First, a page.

The following terms are fundamental to film theory, and you are responsible for knowing them and using them properly.
a shot: that which is recorded between the time the camera starts and the time it stops.
a scene: a group of related shots, usually limited to one setting and group of characters.
a sequence: a group of related scenes—like a chapter in a book.
continuity editing: a range of shooting and editing procedures for creating apparent continuity of space, time, and action so that there is a smooth, logical flow of action from shot to shot within a scene.
extreme long shot: a shot with a very broad field of view. A person or object might be visible, but the setting clearly dominates.
long shot: also called an establishing shot, this shot shows a main object or character and the general surroundings.
medium shot: shows a main object or character and the immediate surroundings.
close-up: shows only a main object or character or some part of him/her /it.
extreme close-up: a shot with a very narrow field of view. In terms of the human figure, a small part of the face, such as the lips or an eye, may fill the frame.
eye-level shot: a shot in which the camera is pointed directly at a subject.
reaction shot: a shot of a person who is listening or otherwise reacting non-verbally to a speaker.
two-shot: commonly used to photograph a conversation, the two shot shows two parties at once.
selective focus: directs the viewer’s attention to an object or character that is in focus while the rest of the scene is blurred.
pan: the movement of the camera on a fixed base (turn, tilt, or swivel).
high-angle shot: the camera is higher than the subject and looks down upon it.
low-angle shot: the camera is lower than the subject and looks up to it.
film stock: the type of film used—the basic choice is between black and white or color.
editing: the process of connecting pieces of film together to make a movie. Editing involves selecting and organizing the shots, selecting the transitional devices, intercutting, crosscutting, setting-up contrasting shots, symbols, and leitmotifs (repetition of shots to establish a theme). The timing, or pace of the film, is also done during editing by controlling the physical length of the pieces of film.
cut: literally cutting the film and reconnecting it in order to put scenes in order and build the film. The cut makes an abrupt transition from shot to shot and is the primary tool of the film editor.
intercutting: cutting from within a scene to a shot of another location, object, or person (usually done to make some kind of point or comment).
crosscutting: results from frequent intercutting and is done to show two or more convergent or parallel actions occurring at different times and/or locations.
fade-in, fade-out, dissolve, iris-in iris-out, wipe: various transitional devices established long ago as conventions, some no longer used unless a director wants to make a deliberate reference to an older film technique.
montage: a French word from Russian film theory that expresses the idea that shots, when placed together, add up to more than the sum of their parts. In other words, a single shot acquires more meaning when placed in the context of other shots.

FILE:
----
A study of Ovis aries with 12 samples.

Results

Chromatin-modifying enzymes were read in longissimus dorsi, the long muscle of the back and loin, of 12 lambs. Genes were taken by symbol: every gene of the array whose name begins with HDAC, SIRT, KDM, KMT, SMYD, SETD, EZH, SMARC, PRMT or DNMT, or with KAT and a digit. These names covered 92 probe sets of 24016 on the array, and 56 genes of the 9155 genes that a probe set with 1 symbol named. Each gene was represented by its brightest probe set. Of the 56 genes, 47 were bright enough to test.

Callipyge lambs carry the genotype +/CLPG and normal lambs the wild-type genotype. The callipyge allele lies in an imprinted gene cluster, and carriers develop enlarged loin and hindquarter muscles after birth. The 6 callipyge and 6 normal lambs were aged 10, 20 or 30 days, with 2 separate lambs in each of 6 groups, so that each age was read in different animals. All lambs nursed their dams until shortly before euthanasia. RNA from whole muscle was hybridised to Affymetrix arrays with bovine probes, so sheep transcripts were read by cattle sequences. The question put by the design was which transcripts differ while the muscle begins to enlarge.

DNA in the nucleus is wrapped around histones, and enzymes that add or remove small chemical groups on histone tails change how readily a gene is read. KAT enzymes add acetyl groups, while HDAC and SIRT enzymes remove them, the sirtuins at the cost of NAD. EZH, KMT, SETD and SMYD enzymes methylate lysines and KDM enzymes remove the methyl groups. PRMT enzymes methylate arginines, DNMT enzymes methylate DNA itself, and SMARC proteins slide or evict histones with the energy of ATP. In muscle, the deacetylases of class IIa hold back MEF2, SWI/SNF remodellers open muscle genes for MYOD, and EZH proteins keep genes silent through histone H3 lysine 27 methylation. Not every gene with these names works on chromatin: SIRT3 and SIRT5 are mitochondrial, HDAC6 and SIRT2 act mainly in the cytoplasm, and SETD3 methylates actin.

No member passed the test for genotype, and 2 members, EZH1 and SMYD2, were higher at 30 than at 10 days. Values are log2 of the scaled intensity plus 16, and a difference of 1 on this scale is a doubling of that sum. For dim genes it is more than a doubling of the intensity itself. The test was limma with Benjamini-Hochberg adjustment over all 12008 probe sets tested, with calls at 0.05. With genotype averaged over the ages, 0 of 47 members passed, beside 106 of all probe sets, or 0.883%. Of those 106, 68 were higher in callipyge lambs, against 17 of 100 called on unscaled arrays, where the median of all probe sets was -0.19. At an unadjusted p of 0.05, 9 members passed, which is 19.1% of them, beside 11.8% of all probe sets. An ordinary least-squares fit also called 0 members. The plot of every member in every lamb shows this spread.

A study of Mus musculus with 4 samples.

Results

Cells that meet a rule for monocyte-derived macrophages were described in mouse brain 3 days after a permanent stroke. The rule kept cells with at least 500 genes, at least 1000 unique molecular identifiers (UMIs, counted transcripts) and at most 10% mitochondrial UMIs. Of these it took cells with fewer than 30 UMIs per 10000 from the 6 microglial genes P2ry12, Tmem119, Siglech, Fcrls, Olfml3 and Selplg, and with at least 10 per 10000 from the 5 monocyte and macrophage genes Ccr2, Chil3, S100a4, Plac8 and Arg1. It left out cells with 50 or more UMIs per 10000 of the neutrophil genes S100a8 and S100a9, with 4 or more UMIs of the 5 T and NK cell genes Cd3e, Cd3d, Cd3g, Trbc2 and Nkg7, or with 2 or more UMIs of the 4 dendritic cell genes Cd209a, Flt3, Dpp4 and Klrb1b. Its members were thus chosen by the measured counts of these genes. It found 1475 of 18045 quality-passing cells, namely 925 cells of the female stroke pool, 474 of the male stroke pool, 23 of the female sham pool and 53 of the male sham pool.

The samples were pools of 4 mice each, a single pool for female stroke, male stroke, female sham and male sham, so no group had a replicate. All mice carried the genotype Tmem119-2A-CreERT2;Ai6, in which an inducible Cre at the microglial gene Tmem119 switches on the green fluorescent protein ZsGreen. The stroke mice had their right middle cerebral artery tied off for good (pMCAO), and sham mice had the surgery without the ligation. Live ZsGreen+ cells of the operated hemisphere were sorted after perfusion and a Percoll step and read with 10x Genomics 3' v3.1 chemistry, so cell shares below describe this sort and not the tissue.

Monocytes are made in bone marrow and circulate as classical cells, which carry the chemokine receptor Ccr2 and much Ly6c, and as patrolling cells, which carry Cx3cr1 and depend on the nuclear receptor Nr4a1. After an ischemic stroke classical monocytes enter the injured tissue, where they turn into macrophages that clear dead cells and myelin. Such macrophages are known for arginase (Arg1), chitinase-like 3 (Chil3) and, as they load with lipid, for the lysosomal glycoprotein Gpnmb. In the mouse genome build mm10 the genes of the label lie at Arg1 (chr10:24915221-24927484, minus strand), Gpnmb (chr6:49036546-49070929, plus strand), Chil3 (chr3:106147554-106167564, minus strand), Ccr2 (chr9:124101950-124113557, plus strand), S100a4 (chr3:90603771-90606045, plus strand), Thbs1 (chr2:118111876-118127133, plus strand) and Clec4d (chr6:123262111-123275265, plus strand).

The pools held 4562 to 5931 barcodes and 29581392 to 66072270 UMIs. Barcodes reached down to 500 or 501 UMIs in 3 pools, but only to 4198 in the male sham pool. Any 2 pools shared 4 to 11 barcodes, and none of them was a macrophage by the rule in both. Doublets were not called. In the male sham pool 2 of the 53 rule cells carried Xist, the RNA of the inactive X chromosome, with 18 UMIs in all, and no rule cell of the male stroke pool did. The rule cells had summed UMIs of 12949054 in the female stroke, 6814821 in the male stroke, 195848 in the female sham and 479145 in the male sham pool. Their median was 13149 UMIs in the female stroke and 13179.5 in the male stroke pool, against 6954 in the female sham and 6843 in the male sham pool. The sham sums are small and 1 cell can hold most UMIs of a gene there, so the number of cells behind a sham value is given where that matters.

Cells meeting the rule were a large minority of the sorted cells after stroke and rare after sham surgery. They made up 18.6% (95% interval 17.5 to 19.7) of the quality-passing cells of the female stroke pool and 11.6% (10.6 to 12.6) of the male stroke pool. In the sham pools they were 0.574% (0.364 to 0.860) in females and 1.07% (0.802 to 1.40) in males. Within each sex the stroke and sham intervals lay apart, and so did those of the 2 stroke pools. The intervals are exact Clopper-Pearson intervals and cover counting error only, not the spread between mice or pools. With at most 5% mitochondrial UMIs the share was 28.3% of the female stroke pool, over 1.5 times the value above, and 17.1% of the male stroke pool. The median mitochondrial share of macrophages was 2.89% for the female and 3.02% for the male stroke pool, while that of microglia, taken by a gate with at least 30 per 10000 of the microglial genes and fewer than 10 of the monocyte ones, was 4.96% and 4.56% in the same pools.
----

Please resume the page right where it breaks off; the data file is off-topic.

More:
mise en scène: literally, “what is put into the scene”—anything in view of the camera and filmed in a scene.
chiaroscuro: the moody interplay of light and shadow.
projection speed: film is normally projected at 24 frames per second (fps).
The following questions and observations are intended to help you probe the nature of cinematic art.
(1) Early films were made with a fixed camera that photographed a group of actors performing a play. Obviously, today’s films employ vastly different techniques, yet some similarities between plays and films remain. What are they? In what important ways are films different from plays?
(2) “A screenplay is a story told in pictures, and there will always be some kind of problem when you tell a story through words, and not pictures” (screenwriter Syd Field).
The plays we most highly value are literature: the word dominates. Film, however, is more a matter of pictures than words” (drama professor and documentary writer Stephen Gray-Lewis)
Just how are such non-verbal communications managed? What is the “grammar” of film that makes it possible to tell a story in pictures?
(3) “Some of the greatest sequences in cinema have no dialogue.” Can you think of an example from a film favorite of yours?
(4) A camera, like a novelist’s point of view, comments on a story while telling it. What are some of the comparisons and contrasts that can be drawn between point of view in the novel and the filmmaker’s use of the camera?
(5) How might a film communicate the unspoken thoughts, dreams, and feelings of a character? How, for example, might a filmmaker handle one of Hamlet’s soliloquies?
(6) Films, like books, range in quality from good to bad, worthwhile to worthless. What makes a good film good? What different needs do films of various types appeal to?
(7) What is the nature of photographic truth? Is it accurate to say “the camera never lies”? If that’s the case, which of an infinite number of pictures that can be taken of a single object at any moment in time is the most “true”? How does the director’s choice of a shot color or comment on the thing being photographed?
(8) Editing is the basis of film art.